Peter Switzer
18 November 2015

By Peter Switzer 

Our stock market added 114 points yesterday after a triple-digit lead in from Wall Street. And again, the New York Stock Exchange is in positive territory, so let’s look at the big story our major newspapers aren’t leading with.

Imagine the headlines if the ‘main man’ for determining whether we end up in recession or a boom — the Reserve Bank of Australia — substantially downgraded our economic outlook. What would follow would be front-page declarations like “Economy down the gurgler!” or “Recession looms and unemployment will rise.”

Sure, the whole concept of the RBA and my old mate, Governor Glenn Stevens, doesn’t do a lot to get the blood racing like a “10 Sexiest Aussie Politicians Ever!” headline, which you could imagine showing up one day! Newspapers and their websites have to cater to their audiences so click-bait headlines are important for their survival.

It’s sad because in an era when a newspaper was the main source of news and was then ripped off by radio and TV for the big stories of the day (as they still do to a degree), anyone who bought a paper encountered serious, educating, mind-expanding front-page stories.

This isn’t happening so much nowadays.

Yes, I know, today I’ve gone with the unusual headline “What in the F is wrong with good news?” and it shows I’m a product of the new age. However, I am a commentator not a reporter, though I do a hell of a lot of reporting of the facts on the economy, stock markets and investing, which a lot of my rivals choose to ignore.

Here are yesterday’s facts from the RBA’s last interest rate meeting:

• Our economy is growing faster.

• Growth is expected to be between 2–3% over the year to June 2016, before rising to 2¾–3¾% over the year to June 2017.

• Employment growth is stronger than expected!

• A rate cut is still possible if inflation remains low and wage rises don’t pick up.

This is a very positive story and I know Australians at this point in the economic cycle actually enjoy seeing good news for our economic prospects. I’ve done two speeches in the past two weeks, where I simply showed the run of good economic news that I’ve shown regular readers here and people were staggered that there was so much good news around.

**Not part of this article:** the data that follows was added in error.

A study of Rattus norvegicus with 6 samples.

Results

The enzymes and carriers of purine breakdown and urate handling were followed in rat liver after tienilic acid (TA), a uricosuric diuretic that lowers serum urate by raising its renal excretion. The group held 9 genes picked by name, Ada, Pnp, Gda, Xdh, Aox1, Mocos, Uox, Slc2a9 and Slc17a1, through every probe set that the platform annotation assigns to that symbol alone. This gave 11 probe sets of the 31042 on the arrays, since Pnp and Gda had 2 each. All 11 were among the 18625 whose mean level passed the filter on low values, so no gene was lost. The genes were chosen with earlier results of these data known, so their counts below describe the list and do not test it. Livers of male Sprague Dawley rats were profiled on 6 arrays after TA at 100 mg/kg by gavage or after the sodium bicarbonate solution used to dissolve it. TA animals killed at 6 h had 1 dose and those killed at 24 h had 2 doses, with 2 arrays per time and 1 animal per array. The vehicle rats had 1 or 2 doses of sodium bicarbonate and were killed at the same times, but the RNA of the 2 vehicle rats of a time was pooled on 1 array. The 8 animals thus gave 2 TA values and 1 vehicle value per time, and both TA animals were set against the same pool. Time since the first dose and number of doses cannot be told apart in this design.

Congratulations from members of the audience followed and selfies too, of course, but it shows our media outlets are primarily breeding negativity. This economy of ours is at a crossroads or, more accurately, a turning point. If external news can be positive, then I think 2016 will surprise on the upside (economically and market-wise) but it needs help from the media as well.

Some right-wing commentators, who still regret the demise of Tony Abbott, keep asking why are people so positive about Malcolm Turnbull when “he has done nothing?”

Well, policy-wise, they’re right but he has talked the right talk about innovation, encouraging entrepreneurs, infrastructure spending and, more importantly, he has helped raise business and consumer confidence. 

Last week’s unemployment and employment numbers helped the snowball of confidence building and headlining that the RBA thinks the next financial year — July next year to June 2017 — could grow at 3.75% is huge news.

Any growth over 3% means the unemployment rate falls. It implies that wages rise, inflation becomes more usual and we have a more normal, healthy economy. We would have finally beaten the persistent malaise from the GFC and that would be huge too!

You all know I carry the can for "positivity" but I wouldn’t if I believed the economists who have been pedaling stories about the economy that even hinted at recession, which some poor Aussies have read and believed.

In September, the SMH led with “Australian recession a one in three chance: Goldman Sachs”. In October, a Deutsche Bank report linked recession to a housing collapse and the SMH ran hard with it. Why can’t it run with “RBA gives economy the thumbs up?” Or something even better? That’s a good question, isn’t it?